Octet


Octet

Postby Brandon Tao 1K » Sun Oct 27, 2019 7:53 pm

What is an octet, and are there exceptions to an atom isn't an octet?

J Medina 2I
Posts: 63
Joined: Wed Sep 25, 2019 12:17 am

Re: Octet

Postby J Medina 2I » Sun Oct 27, 2019 7:58 pm

I think in lecture Lavelle mentioned that H, He, Li, and Be are exceptions to the octet rule.

Sjeffrey_1C
Posts: 63
Joined: Wed Feb 20, 2019 12:17 am

Re: Octet

Postby Sjeffrey_1C » Sun Oct 27, 2019 7:59 pm

My TA mentioned that the 8th group is composed on octets. These are noble gases I believe.

jvera4b

Re: Octet

Postby jvera4b » Sun Oct 27, 2019 8:10 pm

An octet would be an atom that has 8 valence electrons, noble gases all have octets. The octet rule refers to elements wanting to bond in order to reach eight valence elctrons and stability, the exceptions are H, He, Li, and Be.

Natalie C 1K

Postby Natalie C 1K » Sun Oct 27, 2019 9:01 pm

an octet means that an atom has 8 valence electrons, which is usually the most stable configuration for an atom. this is why some atoms are found in their most stable configuration as cations or anions, as this provides them with an octet. noble gases have an octet, which makes them the most stable. exceptions to the octet rule are H, He, Li, and Be.

Martina

Re: Octet

Postby Martina » Sun Oct 27, 2019 9:09 pm

Atoms like P, S, and Cl also can be an exception because they can accommodate more than 8 valence electrons.

Shrayes Raman

Re: Octet

Postby Shrayes Raman » Sun Oct 27, 2019 10:57 pm

Octet refers to the usual number of preferred valence electrons for atoms. There are exceptions like He H and Li, but for the most part atoms just want 8 valence electrons.

Alison Trinh 1E

Re: Octet

Postby Alison Trinh 1E » Sun Oct 27, 2019 11:33 pm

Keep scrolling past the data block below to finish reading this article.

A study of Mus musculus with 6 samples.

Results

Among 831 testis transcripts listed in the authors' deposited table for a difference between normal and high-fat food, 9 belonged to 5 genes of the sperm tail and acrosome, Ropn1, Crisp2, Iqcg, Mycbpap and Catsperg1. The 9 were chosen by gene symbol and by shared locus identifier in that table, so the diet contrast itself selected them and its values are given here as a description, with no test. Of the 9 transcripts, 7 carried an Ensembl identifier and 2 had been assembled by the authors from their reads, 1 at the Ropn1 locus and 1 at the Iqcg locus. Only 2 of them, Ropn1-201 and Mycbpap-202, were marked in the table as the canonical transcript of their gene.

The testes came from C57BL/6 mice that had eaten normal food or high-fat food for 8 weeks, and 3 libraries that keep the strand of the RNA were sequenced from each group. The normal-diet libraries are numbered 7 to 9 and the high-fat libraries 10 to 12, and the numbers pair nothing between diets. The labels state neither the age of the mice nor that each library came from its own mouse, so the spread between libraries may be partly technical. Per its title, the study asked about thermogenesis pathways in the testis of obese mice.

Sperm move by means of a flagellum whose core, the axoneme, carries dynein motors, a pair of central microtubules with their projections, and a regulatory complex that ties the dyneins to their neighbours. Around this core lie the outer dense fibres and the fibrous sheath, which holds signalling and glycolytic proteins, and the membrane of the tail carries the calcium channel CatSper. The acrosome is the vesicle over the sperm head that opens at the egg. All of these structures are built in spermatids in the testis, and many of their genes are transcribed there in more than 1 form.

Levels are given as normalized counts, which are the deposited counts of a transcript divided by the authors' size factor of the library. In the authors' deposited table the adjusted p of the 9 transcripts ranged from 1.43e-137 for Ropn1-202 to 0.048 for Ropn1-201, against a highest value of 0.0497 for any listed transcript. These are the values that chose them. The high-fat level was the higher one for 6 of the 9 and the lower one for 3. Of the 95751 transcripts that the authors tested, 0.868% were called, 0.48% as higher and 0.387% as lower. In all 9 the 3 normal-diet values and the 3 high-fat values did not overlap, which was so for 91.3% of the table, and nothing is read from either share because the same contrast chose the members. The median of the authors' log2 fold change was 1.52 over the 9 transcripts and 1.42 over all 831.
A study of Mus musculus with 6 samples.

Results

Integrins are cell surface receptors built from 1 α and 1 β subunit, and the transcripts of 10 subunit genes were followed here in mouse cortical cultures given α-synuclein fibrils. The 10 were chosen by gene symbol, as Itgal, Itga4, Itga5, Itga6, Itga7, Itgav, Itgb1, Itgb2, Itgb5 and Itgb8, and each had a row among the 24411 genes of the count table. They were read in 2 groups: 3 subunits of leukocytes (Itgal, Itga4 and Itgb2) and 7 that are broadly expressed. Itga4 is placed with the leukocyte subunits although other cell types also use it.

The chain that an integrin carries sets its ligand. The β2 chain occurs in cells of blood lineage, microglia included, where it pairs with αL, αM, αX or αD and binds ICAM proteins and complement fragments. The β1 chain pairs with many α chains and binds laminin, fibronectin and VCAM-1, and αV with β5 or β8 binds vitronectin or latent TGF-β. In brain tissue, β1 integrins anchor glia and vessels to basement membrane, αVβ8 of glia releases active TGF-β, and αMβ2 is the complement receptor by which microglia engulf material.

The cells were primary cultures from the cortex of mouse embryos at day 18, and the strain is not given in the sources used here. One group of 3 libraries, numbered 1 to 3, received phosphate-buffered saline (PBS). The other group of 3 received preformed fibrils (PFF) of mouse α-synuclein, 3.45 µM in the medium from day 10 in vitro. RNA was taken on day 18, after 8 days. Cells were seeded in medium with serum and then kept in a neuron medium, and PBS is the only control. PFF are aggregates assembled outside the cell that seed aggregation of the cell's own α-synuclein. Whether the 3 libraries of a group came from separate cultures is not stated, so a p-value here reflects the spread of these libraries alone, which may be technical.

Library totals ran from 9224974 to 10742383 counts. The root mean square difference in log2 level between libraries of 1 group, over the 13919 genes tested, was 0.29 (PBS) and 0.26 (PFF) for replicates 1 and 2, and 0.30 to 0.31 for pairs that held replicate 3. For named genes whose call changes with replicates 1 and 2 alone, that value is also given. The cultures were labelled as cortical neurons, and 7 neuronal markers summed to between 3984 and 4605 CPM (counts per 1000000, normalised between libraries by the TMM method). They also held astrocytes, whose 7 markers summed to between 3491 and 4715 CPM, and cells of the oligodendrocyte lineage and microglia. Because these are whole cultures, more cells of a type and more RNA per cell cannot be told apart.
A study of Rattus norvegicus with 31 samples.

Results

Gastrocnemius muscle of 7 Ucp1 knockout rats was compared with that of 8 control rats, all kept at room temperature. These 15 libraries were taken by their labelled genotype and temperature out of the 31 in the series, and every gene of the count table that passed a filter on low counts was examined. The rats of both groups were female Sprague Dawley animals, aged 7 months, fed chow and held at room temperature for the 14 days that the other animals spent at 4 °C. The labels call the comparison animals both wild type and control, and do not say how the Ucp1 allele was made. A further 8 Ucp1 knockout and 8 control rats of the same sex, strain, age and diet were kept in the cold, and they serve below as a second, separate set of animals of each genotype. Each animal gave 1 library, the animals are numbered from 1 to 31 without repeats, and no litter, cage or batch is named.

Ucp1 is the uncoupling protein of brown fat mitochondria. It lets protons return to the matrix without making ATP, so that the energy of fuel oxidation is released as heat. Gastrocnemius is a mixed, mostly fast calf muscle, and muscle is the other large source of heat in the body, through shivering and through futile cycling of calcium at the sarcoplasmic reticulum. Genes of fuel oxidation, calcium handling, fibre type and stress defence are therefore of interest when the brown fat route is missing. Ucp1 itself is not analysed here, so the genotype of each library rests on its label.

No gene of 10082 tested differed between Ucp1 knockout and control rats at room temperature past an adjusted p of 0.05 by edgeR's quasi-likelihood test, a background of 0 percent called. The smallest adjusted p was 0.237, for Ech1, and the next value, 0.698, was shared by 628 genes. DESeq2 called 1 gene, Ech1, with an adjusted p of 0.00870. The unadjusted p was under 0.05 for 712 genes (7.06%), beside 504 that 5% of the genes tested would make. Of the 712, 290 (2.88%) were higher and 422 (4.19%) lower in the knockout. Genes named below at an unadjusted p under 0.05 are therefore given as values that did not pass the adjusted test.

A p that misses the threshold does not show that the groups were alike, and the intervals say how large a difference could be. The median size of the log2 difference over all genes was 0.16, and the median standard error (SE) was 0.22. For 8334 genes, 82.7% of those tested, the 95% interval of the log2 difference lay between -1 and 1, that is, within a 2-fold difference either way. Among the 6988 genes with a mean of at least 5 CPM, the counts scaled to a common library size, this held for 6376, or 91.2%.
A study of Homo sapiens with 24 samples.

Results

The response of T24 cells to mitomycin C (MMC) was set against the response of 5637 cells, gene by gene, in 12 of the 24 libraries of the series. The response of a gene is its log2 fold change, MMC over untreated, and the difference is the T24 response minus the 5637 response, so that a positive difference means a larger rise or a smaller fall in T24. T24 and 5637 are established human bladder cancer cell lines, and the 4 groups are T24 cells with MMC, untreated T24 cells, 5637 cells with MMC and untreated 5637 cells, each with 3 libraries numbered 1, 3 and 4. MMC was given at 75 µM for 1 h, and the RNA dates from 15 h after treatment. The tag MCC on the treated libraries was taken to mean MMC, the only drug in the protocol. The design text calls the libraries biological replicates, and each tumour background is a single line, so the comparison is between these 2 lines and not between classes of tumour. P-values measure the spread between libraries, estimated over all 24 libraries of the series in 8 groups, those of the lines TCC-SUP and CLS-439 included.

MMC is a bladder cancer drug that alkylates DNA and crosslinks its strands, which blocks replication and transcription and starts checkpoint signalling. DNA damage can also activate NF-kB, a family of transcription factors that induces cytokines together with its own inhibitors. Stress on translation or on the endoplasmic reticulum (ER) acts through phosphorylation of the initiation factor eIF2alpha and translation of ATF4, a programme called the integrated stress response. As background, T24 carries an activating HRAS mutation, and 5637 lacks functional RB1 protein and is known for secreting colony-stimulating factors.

The octet rule refers to the covalent bonds that atoms share until a noble gas configuration is reached.

J Medina 2I
Posts: 63
Joined: Wed Sep 25, 2019 12:17 am

Re: Octet

Postby J Medina 2I » Sun Nov 03, 2019 10:52 pm

Hydrogen and Helium fill up a duplet (2 valence electrons). Other exceptions include atoms in the d-block since they have 5 orbitals allowing them to hold more than 8 outer electrons.

Nick Lewis 4F

Re: Octet

Postby Nick Lewis 4F » Sun Nov 03, 2019 11:47 pm

What is the basis of the octet? LIke where does the logic come from and like how do we know some only want 8 when other elements want more or less? I know its the s2 and p6, but why does this mean Be, B can't have 8?

William Chan 1D

Re: Octet

Postby William Chan 1D » Mon Nov 04, 2019 10:04 am

Filling the octet refers to the idea that most elements want to complete their valence shell.

The valence shell (for 2nd period, usually for elements after carbon) will be the s and p subshells, which will have 8 electrons total.

EricZhao3G
Posts: 51
Joined: Tue Oct 08, 2019 12:16 am

Re: Octet

Postby EricZhao3G » Mon Nov 04, 2019 1:38 pm

The octet rule says that elements like to bond so that each element has 8 electrons in its valence shell. Exceptions include H, He, and Li.

Khushboo_3D
Posts: 60
Joined: Wed Sep 18, 2019 12:19 am

Re: Octet

Postby Khushboo_3D » Mon Nov 04, 2019 1:50 pm

Atoms like Boron and Aluminum are also exceptions, since they can accommodate only 6 electrons in their valence shell.

Diana Chavez-Carrillo 2L

Re: Octet

Postby Diana Chavez-Carrillo 2L » Mon Nov 04, 2019 2:13 pm

So far what I have gathered from TAs and Lavelle's lectures, the exceptions include the following:
Incomplete octets (meaning it can have less than 8 electrons) are the first 4 elements on the periodic table: H, He, Li, Be, AND B, Al.
Expanded octets (meaning it can have more than 8 electrons) are elements in the d-block, P, S, and Cl.